CourtneyCo Photography


Before I had a Camera.

                                   Me and my friend from high school on one of her shoots. 

                                   Me and my friend from high school on one of her shoots. 

We all have those decisive moments--those fleeting seconds--when a choice is made that alters the trajectory of our lives. It was my choice to walk out of a figure drawing class and into a photography class just as the bell rang that led me to become a photographer.

I wasn't signed up for classes my last semester. I had already taken all of the classes I needed to graduate. I was just waiting for my thesis to be approved so I could defend it and graduate. However, there was a figure drawing class I had been wanting to take forever, so I thought I would take that one class while my thesis pended approval. The class was only offered once during the week and as I copied down the time and place into my planner, I noticed that there was also an intro to photography class taught at the same time.

Memories flashed backed to high school, when I was focused on painting in AP art classes but always felt a longing to take up photography. My best friend in art class was a photographer. She had a nice camera and was always going out on photoshoots. I would have too, if I could have. I would have picked up photography with a vengeance had I had a camera, but I didn't nor did I see getting one in the foreseeable future. I contented myself with accompanying my friend on her photoshoots, sometimes making suggestions and sometimes capturing images with her camera. It was always “one day I'll have a camera, one day I'll study photography, one day I'll be a photographer”...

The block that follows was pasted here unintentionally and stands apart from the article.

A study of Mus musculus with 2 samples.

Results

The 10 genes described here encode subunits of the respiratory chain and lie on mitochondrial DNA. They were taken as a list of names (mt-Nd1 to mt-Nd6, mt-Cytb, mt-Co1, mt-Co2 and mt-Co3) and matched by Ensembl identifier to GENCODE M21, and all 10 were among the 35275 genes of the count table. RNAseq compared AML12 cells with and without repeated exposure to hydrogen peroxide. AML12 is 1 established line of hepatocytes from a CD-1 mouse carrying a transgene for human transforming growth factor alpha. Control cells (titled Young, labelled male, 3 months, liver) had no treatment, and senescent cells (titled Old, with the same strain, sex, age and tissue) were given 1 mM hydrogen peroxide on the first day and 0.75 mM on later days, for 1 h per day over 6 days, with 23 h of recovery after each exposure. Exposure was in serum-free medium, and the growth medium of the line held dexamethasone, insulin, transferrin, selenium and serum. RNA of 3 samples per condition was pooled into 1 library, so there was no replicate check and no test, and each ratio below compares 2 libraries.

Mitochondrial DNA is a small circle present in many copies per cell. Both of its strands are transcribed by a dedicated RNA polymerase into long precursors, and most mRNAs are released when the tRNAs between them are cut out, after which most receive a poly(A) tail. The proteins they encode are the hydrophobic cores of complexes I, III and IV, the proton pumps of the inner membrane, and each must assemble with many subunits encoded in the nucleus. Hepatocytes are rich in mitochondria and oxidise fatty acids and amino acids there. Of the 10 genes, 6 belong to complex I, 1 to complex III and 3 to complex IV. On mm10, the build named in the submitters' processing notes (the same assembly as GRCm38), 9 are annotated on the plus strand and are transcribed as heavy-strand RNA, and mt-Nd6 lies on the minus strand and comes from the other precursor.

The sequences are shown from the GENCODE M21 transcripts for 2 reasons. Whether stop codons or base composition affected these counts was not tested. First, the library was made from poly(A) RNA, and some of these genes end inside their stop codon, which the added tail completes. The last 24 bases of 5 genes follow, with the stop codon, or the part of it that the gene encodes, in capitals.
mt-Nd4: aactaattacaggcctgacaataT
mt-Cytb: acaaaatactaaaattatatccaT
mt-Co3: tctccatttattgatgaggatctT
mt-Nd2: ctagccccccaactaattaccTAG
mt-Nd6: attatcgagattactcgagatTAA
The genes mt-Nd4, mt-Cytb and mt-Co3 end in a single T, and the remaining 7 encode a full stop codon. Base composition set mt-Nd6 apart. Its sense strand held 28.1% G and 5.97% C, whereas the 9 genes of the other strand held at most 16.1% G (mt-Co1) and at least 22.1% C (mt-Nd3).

Eight years later as I glanced at the schedule for an intro to photography class in the class catalog I thought about that long-held dream--that unfulfilled desire to be a photographer. I still didn't have a camera, so I wasn't sure how I could really take that class. Plus, it was only offered during the time the figure drawing class was going to be offered. Still, some longing inside of me caused me to write down the time and place of the photography class.

On the first day of classes, I went to my figure drawing class. In the back of my mind I was constantly thinking about that photography class. But I didn't have a camera. The studio was empty with only a few easels out. There were only a couple of students in the classroom besides me. We all looked a little lost, unsure of what to do. The professor wasn't there. He hadn't shown up yet and I started getting anxious, nervous. Then, just as the bell began to ring, without thinking I ran out of the classroom, down the hall, to the other side of the building, into another classroom, just as the professor began to introduce his course, Introduction to Photography 116.

I'm not sure why in a split second I made a choice to run out of my figure drawing class. I think if the professor had been there I would have stayed but he wasn't, and just as the bell rang I found myself in a photography class. As the professor went over the class syllabus, he informed us that if any of the students did not have a camera for the class projects they could check one out to use through the semester. That was it. That was all the information I needed to stay in the class. I never went back to my figure drawing class, and in a decisive moment the trajectory of my life changed. Photography was now something that was in my grasp, finally for the first time, and I was not letting go.